The Future Meets The Past

By Lynn Ullman, Retired VP, Creative Director

In early summer, 1979, I started my first career job as an assistant art director at a large, regional ad agency in downtown St. Louis. On my first day, I joined the masses, moving in what seemed to me to be a very slow rat race along Highway Forty, driving a borrowed, yacht-sized Chevrolet Caprice.

Similar to the Sterling-Cooper agency portrayed in Mad Men, my non-fictional agency’s offices were thickly carpeted and filled with cigarette smoke, along with every kind of -ism you can imagine. On that day, I was given a set of used Design markers, a layout pad, a drawing board and a stack of timesheets to fill. To my parents’ great relief, someone was going to pay me to draw stuff, more or less. As it turned out, I would do this for the next forty-five years.

In those days, the writers and art directors worked as teams to make the advertising that America needed to keep the economy running, for God’s sake. We sketched ideas onto Bienfang AdArt layout paper and storyboard pads. Account executives wearing suits stuffed piles of these into oversized portfolio cases and carried them into corporate boardrooms where they would sell the shit out of various campaign concepts, along with their requisite media and production budgets.

From there, the ideas would be modified nearly to death, and eventually produced. Agency creatives would lead this effort by collaborating with independent photographers, illustrators, filmmakers, talent agents and countless other trades and craftsmen to bring their ideas to fruition. The result of all this effort appeared in print or ran on broadcast radio and TV. Media-wise it was a much simpler time.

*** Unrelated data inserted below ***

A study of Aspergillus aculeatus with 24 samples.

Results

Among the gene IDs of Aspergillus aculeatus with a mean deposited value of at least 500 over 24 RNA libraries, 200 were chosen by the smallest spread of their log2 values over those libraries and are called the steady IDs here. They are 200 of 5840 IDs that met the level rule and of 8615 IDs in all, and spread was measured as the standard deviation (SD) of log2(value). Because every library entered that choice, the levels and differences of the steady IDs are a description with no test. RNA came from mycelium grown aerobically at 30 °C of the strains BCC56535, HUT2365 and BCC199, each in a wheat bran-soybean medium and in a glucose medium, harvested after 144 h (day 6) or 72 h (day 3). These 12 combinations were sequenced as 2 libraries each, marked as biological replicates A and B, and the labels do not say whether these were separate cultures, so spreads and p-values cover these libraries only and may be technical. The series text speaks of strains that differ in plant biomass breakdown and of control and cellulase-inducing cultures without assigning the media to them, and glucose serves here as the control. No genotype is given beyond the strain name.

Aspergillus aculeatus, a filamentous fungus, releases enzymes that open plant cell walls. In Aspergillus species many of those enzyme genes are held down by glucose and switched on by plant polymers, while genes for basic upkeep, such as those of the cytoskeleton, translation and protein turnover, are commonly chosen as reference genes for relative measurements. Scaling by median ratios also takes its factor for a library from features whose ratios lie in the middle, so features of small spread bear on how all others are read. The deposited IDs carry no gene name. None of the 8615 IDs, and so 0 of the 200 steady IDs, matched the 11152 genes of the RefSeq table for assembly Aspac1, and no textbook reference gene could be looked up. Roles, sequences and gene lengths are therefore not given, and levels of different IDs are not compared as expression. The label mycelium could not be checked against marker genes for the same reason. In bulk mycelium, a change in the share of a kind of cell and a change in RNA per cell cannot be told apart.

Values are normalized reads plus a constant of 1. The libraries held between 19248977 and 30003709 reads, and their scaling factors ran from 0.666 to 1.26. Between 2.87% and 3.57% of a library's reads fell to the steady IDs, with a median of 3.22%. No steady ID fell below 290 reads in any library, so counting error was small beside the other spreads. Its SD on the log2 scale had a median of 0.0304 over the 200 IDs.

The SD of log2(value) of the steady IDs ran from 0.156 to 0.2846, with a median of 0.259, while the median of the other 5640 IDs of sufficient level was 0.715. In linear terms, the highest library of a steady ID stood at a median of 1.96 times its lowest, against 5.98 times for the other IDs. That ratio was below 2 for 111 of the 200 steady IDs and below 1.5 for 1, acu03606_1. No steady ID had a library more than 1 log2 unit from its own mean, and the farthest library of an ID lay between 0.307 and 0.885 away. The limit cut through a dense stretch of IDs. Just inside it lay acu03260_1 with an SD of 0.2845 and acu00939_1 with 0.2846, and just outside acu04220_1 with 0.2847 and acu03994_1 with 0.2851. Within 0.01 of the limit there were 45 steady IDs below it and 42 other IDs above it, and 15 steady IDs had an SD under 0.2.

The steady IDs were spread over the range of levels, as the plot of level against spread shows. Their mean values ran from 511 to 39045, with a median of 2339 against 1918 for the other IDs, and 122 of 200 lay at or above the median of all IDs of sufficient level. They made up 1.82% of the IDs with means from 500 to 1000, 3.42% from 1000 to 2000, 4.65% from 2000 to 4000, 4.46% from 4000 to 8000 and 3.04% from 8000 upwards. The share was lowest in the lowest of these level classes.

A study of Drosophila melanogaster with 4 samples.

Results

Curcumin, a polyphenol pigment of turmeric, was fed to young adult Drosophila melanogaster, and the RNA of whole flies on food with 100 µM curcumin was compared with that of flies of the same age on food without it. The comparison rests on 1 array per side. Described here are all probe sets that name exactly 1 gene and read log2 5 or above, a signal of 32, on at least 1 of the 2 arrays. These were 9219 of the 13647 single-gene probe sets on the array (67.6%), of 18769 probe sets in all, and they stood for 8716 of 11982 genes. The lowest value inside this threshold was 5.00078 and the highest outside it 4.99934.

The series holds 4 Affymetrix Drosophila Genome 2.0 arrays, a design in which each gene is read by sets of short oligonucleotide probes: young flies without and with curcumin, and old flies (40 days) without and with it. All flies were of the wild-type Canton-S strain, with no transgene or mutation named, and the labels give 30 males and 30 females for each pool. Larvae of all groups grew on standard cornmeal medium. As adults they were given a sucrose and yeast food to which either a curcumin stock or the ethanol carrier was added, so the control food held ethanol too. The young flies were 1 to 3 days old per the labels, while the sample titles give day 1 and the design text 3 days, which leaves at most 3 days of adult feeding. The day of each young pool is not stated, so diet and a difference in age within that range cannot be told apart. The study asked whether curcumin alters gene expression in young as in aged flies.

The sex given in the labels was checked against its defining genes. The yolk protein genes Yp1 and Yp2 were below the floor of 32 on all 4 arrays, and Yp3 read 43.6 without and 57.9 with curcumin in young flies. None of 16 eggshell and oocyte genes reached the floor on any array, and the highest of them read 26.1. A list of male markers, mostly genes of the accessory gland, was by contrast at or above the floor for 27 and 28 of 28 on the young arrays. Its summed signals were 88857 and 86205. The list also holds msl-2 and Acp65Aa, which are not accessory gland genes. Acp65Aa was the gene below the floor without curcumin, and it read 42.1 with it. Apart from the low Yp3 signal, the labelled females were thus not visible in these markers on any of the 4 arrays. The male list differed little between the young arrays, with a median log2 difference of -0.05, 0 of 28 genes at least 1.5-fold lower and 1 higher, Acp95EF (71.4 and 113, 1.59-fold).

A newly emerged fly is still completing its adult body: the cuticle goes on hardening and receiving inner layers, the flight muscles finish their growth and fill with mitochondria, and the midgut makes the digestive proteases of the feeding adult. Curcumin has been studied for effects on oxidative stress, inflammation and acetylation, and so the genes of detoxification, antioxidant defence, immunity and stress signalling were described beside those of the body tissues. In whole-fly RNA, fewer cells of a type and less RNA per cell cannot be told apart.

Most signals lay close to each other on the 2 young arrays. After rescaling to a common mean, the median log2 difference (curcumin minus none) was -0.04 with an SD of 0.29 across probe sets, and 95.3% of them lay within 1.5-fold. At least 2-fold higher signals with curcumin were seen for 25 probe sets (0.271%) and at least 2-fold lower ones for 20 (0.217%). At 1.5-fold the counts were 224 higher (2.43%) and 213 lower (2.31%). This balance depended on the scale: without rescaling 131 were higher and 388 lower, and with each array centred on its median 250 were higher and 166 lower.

In the mid to late 1980’s, the mockups I once created using my drawing skills and analog art supplies were replaced by the Macintosh computer and design software. The number of artists and trades needed to produce a concept got smaller, and some disappeared altogether. Much of what they did for us in studios, darkrooms and various print shops I now do myself on a laptop computer as part of the layout and design process.

Even so, as I filled out the last eight hours on my last timesheet at UPBrand, I was reminded more of how much hasn’t changed about this job (the dreaded timesheet being one of the holdouts). Except for marker layouts, business suits and sexism, things are really not that different. Inspiring someone to love a brand, or helping them understand a novel product or service is the job for all creative professionals, whether inadvertising, journalism or movie-making.

To do this well it is necessary to become emotionally vulnerable enough to connect with our creative collaborators, understand our client’s needs and struggles, and to see the world through the eyes of those we hope to persuade. We need just enough ego to have the audacity to create in the first place, but not so much that we lose the ability to understand someone else’s struggle.

The good news is, after forty-five years, I believe that the best part of my career was exactly those things. The relationships and memories made by being in the trenches with my collaborators, production partners and clients are what I remember and hold most dear.

On Leap Day this year I was humbled and surprised by a retirement party thrown by my UPBrand coworkers and wife, Michelle. As I reflect on all the overwhelming emotions of that evening, I am also struck by how formative and influential each person there was in helping me build my career and push out all that work.

Computers and software shaped the latter two-thirds of my career. Now the bots are moving us along even faster. Much of the image-making and wordsmithing will become even more automated than we thought possible. Agencies and advertisers now face multiple boss battles in an open world of atomized media platforms, shrinking screens and even smaller attention spans.

What’s left for us creatives to do is what we’ve been doing all along – uncovering insights into the human condition and playing that back to the world in surprising ways.

Seth Godin says of this business that “The future is about gigs and assets and art and an ever-shifting series of partnerships and projects.” That sounds like a world that is tailor-made for creatives and marketers. My advice? Be kind to each other, stay curious and never stop building new skills. You’ll be fine. It’ll be fine.